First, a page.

LAS VEGAS Bridal Shower
The bridal shower is a party for the bride, typically 4-6 weeks prior to her wedding, hosted by the maid of honor. The custom derives from earlier times when a bride's father had to provide a dowry. If a father was too poor for a dowry or unwilling to provide one, gifts from friends would compensate for the dowry and allow the bride to marry the man of her choice.
In modern times, bridal showers are an afternoon function where the bride's mother, grandmother, and friends are invited to attend. Presents are tame and typically come off the bride's registry – dishware, flatware, tea, towels. Racier gifts like lingerie or edible underwear are typically reserved for the bachelorette party.
PLANNING a Bridal Shower
Most bridal showers involve a theme or games. You'll need a location – such as a small gathering hall, a friend or relative's home, or a restaurant. Likely, you'll want food, beverages, party favors, and invitations. Below are a few online resources to help:
- Evite (http://www.evite.com)
- Formal Invitations (www.formal-invitations.com)
- My Gatsby (www.mygatsby.com)
- Party Favors
- Efavors (www.efavors.com)
- Bargain Mugs (bargainmugs.com)
If the bride has a far reaching group of friends and the guests are unlikely to know one another, an icebreaker provides a nice introduction. If a lot of people attend, icebreakers can be a bit too long, so consider center the icebreakers only on the bridesmaids.
Two Truths and a Lie
In this icebreaker, a woman makes three statements – two are true and one is a lie.
- I performed the vocals for Ariel in the German version of The Little Mermaid.
- I lost my virginity at a drug rehab clinic.
- I was Miss October in a pinup calendar sold for charity.
The others guess which statement is a lie. You can keep score in this game and the person who gets the most answers correct wins a prize. Or you can keep it light and informal, with no score tally.
Have participants write down their two truths and a lie so they're reading it from a script, rather than speaking on the fly. This will allow them to pay attention to others who are speaking, rather than worrying about what they're going to say when it's their turn. To add a little more flavor, have guests write their names on the three statements then redistribute them so that someone else reads their script.
Beach Ball Questions
Get a large beach ball and a thin permanent marker. Write several questions (about 80) on the beach ball. Have a group stand in a circle and toss the ball from person to person. Each time a woman catches the ball, she has to say her name, read a question, and provide an answer.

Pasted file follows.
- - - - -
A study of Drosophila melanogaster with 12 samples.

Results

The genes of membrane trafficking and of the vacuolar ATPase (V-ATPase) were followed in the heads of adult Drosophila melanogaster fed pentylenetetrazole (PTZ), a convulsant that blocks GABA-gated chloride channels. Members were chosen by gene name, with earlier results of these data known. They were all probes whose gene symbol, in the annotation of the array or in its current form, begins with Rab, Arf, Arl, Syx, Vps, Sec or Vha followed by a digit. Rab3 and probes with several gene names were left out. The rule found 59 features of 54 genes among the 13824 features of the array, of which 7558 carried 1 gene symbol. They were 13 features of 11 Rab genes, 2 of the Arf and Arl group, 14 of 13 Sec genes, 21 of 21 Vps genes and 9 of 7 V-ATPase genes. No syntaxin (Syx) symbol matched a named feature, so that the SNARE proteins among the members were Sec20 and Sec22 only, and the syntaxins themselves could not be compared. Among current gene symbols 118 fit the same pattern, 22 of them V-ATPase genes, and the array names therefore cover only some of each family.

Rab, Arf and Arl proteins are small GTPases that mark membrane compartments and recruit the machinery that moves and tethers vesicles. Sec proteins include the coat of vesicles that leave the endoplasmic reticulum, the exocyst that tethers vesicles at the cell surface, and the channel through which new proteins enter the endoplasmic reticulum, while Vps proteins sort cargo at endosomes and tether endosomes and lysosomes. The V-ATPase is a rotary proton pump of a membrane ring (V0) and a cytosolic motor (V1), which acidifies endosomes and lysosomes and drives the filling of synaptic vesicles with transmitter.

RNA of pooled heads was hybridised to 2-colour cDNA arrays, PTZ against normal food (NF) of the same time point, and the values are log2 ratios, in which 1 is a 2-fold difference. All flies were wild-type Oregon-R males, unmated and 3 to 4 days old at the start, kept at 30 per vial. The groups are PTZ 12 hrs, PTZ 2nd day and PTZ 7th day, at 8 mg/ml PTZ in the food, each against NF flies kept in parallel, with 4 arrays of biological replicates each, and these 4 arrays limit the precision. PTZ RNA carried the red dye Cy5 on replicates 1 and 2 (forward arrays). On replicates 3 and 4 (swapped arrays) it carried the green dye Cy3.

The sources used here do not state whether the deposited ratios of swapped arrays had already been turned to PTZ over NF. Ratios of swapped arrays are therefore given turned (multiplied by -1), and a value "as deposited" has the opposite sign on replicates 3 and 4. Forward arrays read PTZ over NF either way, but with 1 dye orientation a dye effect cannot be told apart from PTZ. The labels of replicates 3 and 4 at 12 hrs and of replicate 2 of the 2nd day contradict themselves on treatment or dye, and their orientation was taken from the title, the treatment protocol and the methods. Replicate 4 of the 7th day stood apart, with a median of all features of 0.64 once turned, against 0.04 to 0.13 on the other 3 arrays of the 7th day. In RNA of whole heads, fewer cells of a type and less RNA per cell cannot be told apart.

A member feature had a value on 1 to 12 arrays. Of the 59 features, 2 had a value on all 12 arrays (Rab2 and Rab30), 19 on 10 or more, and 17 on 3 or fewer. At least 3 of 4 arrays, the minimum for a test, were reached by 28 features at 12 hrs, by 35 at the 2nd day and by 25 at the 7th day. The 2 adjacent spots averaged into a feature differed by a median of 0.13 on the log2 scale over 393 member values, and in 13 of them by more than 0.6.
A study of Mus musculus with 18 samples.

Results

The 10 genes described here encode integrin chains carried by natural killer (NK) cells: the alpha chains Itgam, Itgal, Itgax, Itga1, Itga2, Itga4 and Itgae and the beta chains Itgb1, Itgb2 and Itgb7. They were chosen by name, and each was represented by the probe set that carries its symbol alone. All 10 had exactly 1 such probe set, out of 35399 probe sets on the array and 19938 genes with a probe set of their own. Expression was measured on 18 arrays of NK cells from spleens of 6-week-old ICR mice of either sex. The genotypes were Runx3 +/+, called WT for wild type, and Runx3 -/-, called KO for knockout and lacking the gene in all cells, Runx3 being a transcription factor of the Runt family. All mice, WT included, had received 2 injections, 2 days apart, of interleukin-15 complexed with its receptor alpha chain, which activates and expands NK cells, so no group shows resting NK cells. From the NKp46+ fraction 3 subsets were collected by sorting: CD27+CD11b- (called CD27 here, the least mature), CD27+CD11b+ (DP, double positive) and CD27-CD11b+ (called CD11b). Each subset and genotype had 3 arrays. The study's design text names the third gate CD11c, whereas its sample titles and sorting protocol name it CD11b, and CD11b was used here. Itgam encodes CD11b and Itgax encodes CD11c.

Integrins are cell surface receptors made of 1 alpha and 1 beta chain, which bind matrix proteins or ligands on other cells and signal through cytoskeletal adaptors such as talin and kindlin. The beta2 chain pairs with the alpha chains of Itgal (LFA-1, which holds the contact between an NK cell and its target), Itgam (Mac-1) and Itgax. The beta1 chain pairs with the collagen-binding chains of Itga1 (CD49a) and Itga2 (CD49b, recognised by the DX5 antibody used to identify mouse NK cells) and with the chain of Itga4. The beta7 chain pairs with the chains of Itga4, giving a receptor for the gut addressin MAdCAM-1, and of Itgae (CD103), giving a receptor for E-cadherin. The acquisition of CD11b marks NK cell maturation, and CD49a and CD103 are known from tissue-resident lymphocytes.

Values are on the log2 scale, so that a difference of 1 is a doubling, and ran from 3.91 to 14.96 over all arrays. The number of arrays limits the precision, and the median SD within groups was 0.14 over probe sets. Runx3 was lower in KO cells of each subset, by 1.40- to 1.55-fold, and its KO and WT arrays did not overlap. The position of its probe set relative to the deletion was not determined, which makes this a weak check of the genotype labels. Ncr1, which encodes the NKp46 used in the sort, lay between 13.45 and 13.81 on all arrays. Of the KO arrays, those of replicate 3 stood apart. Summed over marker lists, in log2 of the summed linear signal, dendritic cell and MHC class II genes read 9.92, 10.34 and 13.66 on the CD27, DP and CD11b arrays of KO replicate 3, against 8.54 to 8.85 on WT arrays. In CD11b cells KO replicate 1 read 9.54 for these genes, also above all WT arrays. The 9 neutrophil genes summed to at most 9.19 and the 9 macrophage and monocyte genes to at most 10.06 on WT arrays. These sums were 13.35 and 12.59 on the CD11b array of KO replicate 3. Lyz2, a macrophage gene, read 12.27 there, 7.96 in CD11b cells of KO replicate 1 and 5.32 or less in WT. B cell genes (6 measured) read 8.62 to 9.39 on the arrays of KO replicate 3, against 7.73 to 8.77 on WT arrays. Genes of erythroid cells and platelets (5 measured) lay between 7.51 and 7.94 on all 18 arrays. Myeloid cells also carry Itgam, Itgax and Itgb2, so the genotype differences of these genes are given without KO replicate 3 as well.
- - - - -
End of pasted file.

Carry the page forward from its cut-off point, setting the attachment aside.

Example of questions on the ball:
- What are three words to describe the perfect kiss?
- If you could fight anyone, who would it be?
- If you were a stripper, what would be your stage name?
If you don't feel like tossing a beach ball around a circle, you may modify this game by writing the questions on a piece of paper. Put all questions in a hat then pass the hat around the room.
Where Were You On…?
Pick a date that's significant to the bride (the date she met her groom, the date they went on their first date) and ask everyone to say what they were doing on that day.
- On August 10, 2005, the bride-to-be was on her first date with her future husband. Where were you on that day?
- Hello. I'm So-and-So. In August 2005 I was working for the Peace Corps in Southern Thailand. I was most likely sweating a lot and eating a mango.
You can use holidays if you doubt people's ability to recall an interesting location or job they held during that time period. Ie: "In 2007, the bride-to-be spent her first Christmas with her future husband. Where were you that Christmas?" Or if they haven't been dating for too long, you can spice it up. "Three Christmases ago, the bride-to-be was doing x and had no idea she'd be marrying her future husband in three years. Where were you three years ago on Christmas?"
Guests can play a variety of games at bridal showers – some corny, some sassy, and some so corny they end up being funny. Below are a few ideas.
Make a bingo card with different shower gifts. Guests keep track while the bride opens presents. If they get a bingo, they win a prize.
Toilet Paper Dress
Split into teams and have each team wrap a person with toilet paper in the way they think the bride's dress and accessories will look. The bride chooses the winner.
Ask the groom ten questions about the bride in advance. Then ask the bride the same questions and compare how their answers match.
After all the attendees have arrived, ask each person to introduce themselves and offer a nugget of advice (how to have a happy marriage, cooking tip, love pointer, etc). Assign a secretary to record the tips. Compile it later as a gift for the bride.
If either the bride or groom speak a second language, create a worksheet with two columns and have guests match the foreign phrase with the English translation. Phrases can include "Where's my dinner?" or "Is that a rash?" or "I love you." If neither partner speaks a second language, matching Chinese characters with English translations is always a hit.
If none of the icebreakers or game ideas sound interesting, you may want to use the bridal showers as an occasion to pool money together to hire someone fascinating to perform a service or miniature lesson. Below are a few suggestions:
Hire someone to bring polygraph equipment and teach how it works.
Tarot Cards/Palm Reader/Psychic
Always fun to learn about your mystic future.
Wine Tasting/Specialty Bartender
Hire a professional to conduct a wine tasting or teach you how to make the perfect cosmo.
Stripper, Pole dancing, Belly Dancer
Learn a few moves. Go to pole dancing studio and learn how to shake from Fawnia (poledancinglasvegas.net)
Hire a company to bring professional dealers and tables. Award prizes to the winners.